It's the second year running that the total value of plant product exports from Wisconsin has neared or topped $1 billion. 

Exporters need phytosanitary certificates – basically, health certificates – to assure national governments that the plant products coming into their countries meet all their requirements to prevent pest and disease transmission.

DATCP's Bureau of Plant Industry issues the certificates after researching the requirements for the destination market and inspecting the products, if a federal inspector has not already done so.

In most cases, DATCP staff can issue a phytosanitary certificate within 24 hours of receiving the exporter's request if the products have already been inspected, or Wisconsin is free of the pests and diseases of concern for the nation receiving the products.

That speedy service is one reason the bureau issues so many certificates. Companies exporting Federal Grain Inspection Service-inspected grain can get phytosanitary certificates either from the U.S. Department of Agriculture or from a state government. They choose DATCP because of its accuracy and quick turnaround, says Greg Helmbrecht, who heads up the plant export certification program.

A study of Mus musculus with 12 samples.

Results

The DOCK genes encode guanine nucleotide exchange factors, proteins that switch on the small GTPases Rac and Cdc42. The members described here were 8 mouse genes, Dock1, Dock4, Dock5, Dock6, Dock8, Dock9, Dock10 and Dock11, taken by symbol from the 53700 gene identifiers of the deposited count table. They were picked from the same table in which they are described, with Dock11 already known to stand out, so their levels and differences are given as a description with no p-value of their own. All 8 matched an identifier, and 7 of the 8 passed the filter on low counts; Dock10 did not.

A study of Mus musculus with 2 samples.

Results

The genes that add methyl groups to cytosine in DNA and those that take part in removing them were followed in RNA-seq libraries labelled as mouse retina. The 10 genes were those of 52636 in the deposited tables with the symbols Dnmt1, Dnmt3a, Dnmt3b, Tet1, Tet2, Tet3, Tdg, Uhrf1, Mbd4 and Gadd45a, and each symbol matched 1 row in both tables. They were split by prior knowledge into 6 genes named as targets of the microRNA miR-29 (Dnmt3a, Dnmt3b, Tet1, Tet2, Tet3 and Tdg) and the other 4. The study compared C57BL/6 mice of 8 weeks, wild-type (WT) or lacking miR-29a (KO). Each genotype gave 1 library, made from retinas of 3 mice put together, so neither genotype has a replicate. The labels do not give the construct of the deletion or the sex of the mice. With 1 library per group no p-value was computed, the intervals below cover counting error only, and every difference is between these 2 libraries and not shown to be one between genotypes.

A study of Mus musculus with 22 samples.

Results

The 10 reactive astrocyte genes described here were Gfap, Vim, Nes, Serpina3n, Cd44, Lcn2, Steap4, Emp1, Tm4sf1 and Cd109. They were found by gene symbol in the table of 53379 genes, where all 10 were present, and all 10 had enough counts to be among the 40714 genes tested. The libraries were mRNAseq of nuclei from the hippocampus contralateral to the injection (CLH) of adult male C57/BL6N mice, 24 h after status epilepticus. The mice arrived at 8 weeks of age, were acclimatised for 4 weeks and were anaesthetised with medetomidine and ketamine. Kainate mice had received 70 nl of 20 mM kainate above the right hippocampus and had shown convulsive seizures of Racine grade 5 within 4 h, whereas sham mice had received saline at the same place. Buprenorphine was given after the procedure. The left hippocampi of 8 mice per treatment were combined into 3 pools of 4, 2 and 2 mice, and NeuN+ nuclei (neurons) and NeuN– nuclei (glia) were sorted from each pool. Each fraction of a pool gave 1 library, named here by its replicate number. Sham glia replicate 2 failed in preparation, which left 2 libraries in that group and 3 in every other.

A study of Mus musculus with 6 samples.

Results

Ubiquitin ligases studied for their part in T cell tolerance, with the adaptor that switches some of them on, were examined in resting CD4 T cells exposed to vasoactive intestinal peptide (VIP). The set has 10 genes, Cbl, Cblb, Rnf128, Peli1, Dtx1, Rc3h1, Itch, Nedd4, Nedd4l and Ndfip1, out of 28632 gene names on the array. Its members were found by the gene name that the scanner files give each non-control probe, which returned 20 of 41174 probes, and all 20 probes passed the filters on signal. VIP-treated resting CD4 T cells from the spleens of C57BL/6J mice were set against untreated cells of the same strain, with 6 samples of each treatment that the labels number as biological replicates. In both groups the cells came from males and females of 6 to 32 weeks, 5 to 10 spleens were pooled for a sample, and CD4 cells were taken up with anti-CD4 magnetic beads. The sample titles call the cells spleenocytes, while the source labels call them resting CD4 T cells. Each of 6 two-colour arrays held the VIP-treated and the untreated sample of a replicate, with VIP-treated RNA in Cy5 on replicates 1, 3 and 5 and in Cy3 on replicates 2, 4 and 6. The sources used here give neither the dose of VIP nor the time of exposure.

In addition, he credits the pest and disease monitoring and laboratory work done by the Bureau of Plant Industry for keeping export markets open to Wisconsin plant products. This helps maintain Wisconsin's status as being free of many pests and diseases, which simplifies phytosanitary certification. 

Soybean, corn and wood products accounted for 97 percent of the value of products shipped. Totals for commodities:

  • Soybeans -- $445 million; 1.12 million tons; 2,185 certificates issued
  • Corn -- $334.8 million; 1.9 million tons; 1,147 certificates issued
  • Wood -- $139.3 million; 67 million board feet in logs and kiln-dried lumber and 67 million
  • square feet in plywood and veneer; 3,026 certificates issued

All told, Wisconsin products accounted for $420 million of the total certified by DATCP.

Grains produced in the tristate area accounts for the remainder. All of the kiln-dried lumber and veneer products shipped were produced in Wisconsin.

About a quarter of the certificates issued were for products destined for China. In fact, Asian markets accounted for around 60 percent of the total certificates issued.

Exports in 2017 are on pace to at least equal 2016, with 4,341 phytos processed through May, compared with 9,432 for all of 2016. In 2015, DATCP issued certificates for products worth more than $1 billion.